A Kaslo man was at the receiving end of one of Kootenay East Liberal MLA Bill Bennett’s infamous explosive emails last week.
William Wells, a former longtime councillor of the Kootenay-Boundary branch of the BC Institute of Agologists, wrote Bennett to criticize a decision not to recommend a ban on cosmetic pesticides.
Bennett, chair of the Special Committee of Cosmetic Pesticides, respond to the email saying: “I am pleased to hear that you can read and encourage you to put your skill to work reading the Special Committee’s Report. Perhaps even an old dog can learn a new trick!”
Wells emailed Bennett a second time to say indeed he had read the report and felt the findings relied too heavily on studies from Health Canada’s Pest Management Regulatory Agency rather than considering the views of industry professions such as himself.
To that, Bennett retorted: “Sorry, I’m not a conspiracy theorist. I’ll take the 350 scientists at Health Canada over the politically motivated left wing conspiracy theorists any day.”
Wells sent a copy of his correspondence with Bennett to Nelson-Creston NDP MLA Michelle Mungall who says the emails confirm Bennett is biased in his support of cosmetic pesticides and the findings of his committee should be rejected.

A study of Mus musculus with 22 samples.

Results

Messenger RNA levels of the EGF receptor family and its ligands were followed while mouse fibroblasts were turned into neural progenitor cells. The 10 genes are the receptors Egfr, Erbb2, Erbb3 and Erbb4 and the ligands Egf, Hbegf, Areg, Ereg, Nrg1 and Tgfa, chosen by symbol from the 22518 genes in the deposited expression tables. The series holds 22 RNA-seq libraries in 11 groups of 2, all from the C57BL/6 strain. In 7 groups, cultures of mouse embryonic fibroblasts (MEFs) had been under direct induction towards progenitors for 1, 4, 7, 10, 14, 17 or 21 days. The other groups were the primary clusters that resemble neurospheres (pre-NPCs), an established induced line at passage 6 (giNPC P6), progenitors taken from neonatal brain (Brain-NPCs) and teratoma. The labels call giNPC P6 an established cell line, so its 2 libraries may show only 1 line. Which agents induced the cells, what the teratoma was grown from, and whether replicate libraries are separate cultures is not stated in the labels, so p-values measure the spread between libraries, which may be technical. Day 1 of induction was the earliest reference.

“Moving forward, the ball is in Premier Christy Clark’s court,” Mungall said. “Is she going to reject the report citing Bill Bennett’s clear bias? … Is she also going to enact further dicipline on him for this continued behaviour of disrespecting British Columbians?”
In 2007 Bennett resigned from a position as Minister of Mines after sending a harshly worded email to the president of the Fernie Rod and Gun Club. Then in 2009, as Minister of Tourism, he called the owner of a Fernie cat skiing operation “narrow minded and bigoted” in an email.
He remained in cabinet until November 2010 when he publicly criticized then-premier Gordon Campbell.
Mungall said this is the first time Bennett’s wrath has been directed at one of her constituents.
“This is completely unacceptable behaviour for any elected representative,” Mungall said.
But Wells said he has thick skin and wasn’t bothered too much by Bennett’s emails.
“At least it shows he actually read them,” Wells said. “When I write to [Prime Minister] Stephen Harper, all I get in response is a generic response message thanking me for my suggestion.”
Wells said he remains concerned about cosmetic pesticides being used in his community.
While Nelson is one of 40 BC municipalities with bylaws preventing use of cosmetic pesticides on private property, Kaslo has not followed suit.
Meanwhile, the NDP has reintroduced a private member’s bill for a province-wide ban cosmetic pesticide use for the fourth time.
The BC Union of Municipalities have twice called on the province to support such a ban, with motions in 2008 and 2010. Dozens of health organizations are also advocating for a ban, including the Canadian Cancer Society and the Public Health Association of BC.
Mungall blames Bennett for the legislation not being passed.
“One MLA’s bias is stopping and an entire province from moving forward on an issue,” she said.
Calls from the Star requesting comment from Bennett were not returned by press time.